When anyone first hear about 3D printing and what it can do, they’ll be inclined to believe that these printers came from the future. What many don’t know is that modern 3D printing has been around for almost 40 years. The first patent was given to Dr. Hideo Kodama in 1980; his idea was revolutionary, using a technique called photopolymer rapid prototyping. He used this technique to harden a material using UV rays, unfortunately, it was only for research, and he never introduced it to the market.

In the late 90s, after some research and development by many institutes and private entities, a great milestone was achieved; the first human organ was created using 3D printing technology. Using a CT scan of a patient’s bladder, a biodegradable matrix was then created, the final step is adding cells grown from a tissue onto the scaffold before it is ready to be transplanted.

A major key patent on 3D printing technology has expired in 2009, MakerBot took advantage of this and managed to bring 3D technology out to the masses. They started with open-source DIY kits since this was the best way for people to design their own 3D printers with specific properties in mind. After Makerbot’s introduction, 3D printing technology skyrocketed and started developing rapidly. It’s never easy to figure out what kind of 3D printer you may be needing and what size, and of course what brand.

You need to make sure that you’re well informed and get into some research before you make that final decision. Io3dprint is a great place to start because you can find a wide pool of information and reviews about 3D printers. We’ll be covering in some detail the composite types and properties of composite materials and the best 3D printer for you.

Different Materials

While the plastic is still dominating the 3D printing material world, many fall under the false impression that it’s the only one used. Any material in its solid state can be used in 3D printing, many are being developed and the list is growing more interesting every day.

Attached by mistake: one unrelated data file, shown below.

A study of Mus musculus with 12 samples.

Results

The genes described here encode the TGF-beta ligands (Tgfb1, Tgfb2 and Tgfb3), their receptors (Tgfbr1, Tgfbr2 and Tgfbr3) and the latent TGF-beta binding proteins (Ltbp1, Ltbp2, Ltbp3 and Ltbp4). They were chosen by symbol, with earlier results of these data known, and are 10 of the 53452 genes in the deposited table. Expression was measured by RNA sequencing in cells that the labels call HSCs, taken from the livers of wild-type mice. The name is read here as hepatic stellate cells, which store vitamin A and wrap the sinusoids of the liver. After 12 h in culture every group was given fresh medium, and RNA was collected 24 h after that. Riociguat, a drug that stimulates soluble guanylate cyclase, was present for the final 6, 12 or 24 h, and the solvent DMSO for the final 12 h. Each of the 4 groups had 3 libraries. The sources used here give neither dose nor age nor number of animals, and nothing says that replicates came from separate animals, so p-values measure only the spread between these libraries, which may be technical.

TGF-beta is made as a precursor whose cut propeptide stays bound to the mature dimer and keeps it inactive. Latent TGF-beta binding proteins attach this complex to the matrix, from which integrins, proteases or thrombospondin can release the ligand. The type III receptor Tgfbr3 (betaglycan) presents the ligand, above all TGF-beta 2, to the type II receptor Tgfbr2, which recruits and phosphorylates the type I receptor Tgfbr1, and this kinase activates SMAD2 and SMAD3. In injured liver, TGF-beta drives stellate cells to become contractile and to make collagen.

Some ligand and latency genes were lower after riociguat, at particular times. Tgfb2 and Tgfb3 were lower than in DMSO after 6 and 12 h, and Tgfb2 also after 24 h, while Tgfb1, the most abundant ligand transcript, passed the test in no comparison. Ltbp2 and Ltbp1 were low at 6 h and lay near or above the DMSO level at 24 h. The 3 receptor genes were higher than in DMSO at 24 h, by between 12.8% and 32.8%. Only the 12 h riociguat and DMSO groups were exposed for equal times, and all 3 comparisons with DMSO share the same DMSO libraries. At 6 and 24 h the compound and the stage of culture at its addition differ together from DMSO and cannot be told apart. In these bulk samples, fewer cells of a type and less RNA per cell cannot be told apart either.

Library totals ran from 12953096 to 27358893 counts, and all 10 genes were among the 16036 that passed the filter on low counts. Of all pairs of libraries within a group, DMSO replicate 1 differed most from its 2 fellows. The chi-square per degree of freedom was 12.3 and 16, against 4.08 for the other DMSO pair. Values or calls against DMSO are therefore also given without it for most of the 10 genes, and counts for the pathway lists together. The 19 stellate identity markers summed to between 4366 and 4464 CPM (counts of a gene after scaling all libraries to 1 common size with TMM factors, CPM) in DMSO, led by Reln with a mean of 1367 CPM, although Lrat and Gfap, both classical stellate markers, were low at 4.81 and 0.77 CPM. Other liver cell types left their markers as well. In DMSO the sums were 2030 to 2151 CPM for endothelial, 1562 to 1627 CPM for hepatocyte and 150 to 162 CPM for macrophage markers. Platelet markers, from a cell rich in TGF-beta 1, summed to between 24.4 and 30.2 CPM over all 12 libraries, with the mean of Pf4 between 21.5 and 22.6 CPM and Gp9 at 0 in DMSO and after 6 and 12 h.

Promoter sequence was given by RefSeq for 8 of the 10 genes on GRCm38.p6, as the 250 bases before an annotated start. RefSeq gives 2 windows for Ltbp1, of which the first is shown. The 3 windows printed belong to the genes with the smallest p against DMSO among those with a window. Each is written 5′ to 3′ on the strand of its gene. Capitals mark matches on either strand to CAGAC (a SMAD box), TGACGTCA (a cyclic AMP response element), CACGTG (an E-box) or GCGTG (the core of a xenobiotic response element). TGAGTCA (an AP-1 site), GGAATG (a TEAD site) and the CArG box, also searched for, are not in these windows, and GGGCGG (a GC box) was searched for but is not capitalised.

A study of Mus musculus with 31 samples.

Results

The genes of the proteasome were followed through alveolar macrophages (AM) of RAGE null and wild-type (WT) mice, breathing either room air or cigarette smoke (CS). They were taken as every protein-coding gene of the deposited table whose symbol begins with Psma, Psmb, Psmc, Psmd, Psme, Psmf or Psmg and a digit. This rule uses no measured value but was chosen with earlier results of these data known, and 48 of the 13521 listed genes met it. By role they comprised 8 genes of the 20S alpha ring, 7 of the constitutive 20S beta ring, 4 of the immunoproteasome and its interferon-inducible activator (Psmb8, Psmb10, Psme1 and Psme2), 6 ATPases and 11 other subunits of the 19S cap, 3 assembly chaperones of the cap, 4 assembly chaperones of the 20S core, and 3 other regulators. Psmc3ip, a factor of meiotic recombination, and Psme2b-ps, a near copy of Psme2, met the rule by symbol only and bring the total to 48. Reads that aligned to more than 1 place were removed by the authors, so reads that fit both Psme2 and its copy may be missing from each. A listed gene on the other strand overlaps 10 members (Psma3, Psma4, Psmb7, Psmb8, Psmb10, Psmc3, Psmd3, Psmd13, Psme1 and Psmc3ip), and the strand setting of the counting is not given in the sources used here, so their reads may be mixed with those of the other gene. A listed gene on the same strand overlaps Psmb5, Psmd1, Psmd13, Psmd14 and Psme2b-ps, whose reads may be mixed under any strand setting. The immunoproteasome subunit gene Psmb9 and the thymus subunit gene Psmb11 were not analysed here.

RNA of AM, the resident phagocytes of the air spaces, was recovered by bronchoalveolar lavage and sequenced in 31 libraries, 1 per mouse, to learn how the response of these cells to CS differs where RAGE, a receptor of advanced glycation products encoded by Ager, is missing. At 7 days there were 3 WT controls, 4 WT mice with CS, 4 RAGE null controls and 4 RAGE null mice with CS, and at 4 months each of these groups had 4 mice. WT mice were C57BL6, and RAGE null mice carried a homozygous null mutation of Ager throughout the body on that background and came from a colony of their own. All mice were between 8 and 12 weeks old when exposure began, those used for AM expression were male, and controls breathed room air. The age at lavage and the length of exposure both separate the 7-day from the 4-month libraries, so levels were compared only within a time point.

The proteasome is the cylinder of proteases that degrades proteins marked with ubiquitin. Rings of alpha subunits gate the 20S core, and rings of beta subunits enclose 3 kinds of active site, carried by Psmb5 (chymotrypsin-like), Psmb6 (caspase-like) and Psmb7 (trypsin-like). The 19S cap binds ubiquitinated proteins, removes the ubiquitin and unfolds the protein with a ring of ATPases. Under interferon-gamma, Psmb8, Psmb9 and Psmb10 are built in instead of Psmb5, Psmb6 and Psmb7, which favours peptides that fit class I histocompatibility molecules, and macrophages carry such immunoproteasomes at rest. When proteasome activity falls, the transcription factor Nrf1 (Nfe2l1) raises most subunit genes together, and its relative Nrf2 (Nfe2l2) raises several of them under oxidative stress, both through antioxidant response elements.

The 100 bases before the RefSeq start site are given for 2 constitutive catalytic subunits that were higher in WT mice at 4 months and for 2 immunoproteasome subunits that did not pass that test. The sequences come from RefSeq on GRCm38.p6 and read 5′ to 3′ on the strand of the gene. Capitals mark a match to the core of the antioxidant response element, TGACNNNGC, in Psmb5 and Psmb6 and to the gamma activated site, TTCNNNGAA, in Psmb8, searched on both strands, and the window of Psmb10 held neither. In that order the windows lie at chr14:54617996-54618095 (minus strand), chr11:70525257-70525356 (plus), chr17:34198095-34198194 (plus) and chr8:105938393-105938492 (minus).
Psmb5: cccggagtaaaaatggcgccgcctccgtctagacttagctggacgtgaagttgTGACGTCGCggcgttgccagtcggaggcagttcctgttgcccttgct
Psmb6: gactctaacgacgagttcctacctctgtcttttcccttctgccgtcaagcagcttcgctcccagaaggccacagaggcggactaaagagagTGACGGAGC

Plastics are used widely for their versatility and many other pros, but what are these pros and cons?

Nylon

This is a tougher material to substitute for silk which has a high yield point; this means that the material can withstand high strengths keeping its original properties without breaking. The positive side to using nylon which made it very popular recently is the low price point and its many uses in our daily lives as it’s safe to be used around food or water. The only downside to using nylon in printing is the high temperature it requires.

Wood Filament

While this filament is not made entirely out of wood, it gives a beautiful wood-like finish which looks expensive when it actually isn’t. The look depends on using wood particles with polymers like polylactic acid and a gluing polymer. You can control the wood look you are going for as well as the color by playing with the temperature and the version you are using. This requires some treatment to get a convincing wood like finish look, but it’s still cheaper.

Metal Filament

Like the wood filament this mainly is made out of metal particles bound by PLA and a polymer to glue them together. This will give a convincing metal-finish look, but will not weigh as much and of course, will not conduct electricity. The filament can be tricky to get a hold of the right settings for and compared to other materials, it’s expensive.

Different Techniques

There are many other filaments varies from flexible to rigid, cheap and expensive, filaments that will dissolve in water or other solutions, and even conductive filaments that the market is still experimenting with. Likewise, there are different printing techniques that depend on your material, printer, and awaited outcome. Direct metal laser sintering (DMLS) is a technique that falls far away from plastic printing yet is heavily used in the making of prototypes or industrial products.

Before you decide on buying a 3D printer, you need to precisely determine the reason behind your purchase, the materials you are going to use, and the quality you are looking for. If you are looking to print bigger items or large quantities, you will need a bigger bed. With Fused Deposition Modeling printers, you will have the ability to print many plastics like nylon, ABS, and

PLA, along with non-plastic materials like glass, silver, titanium, and steel which is the most common printer chosen when printing small items with large amounts. Stereolithography (SLA) is the second most common technique homeowners choose for its versatility and higher quality. The choice between FDM and SLA comes back to the budget you have set for your printer. One thing you also need to consider is the software for your 3D printer and whether it’s easy enough for you to use.

Tom Parillo

Tom Parillo

I am interested in all things technology, especially automation, robotics and tech that helps change how society will live in the future.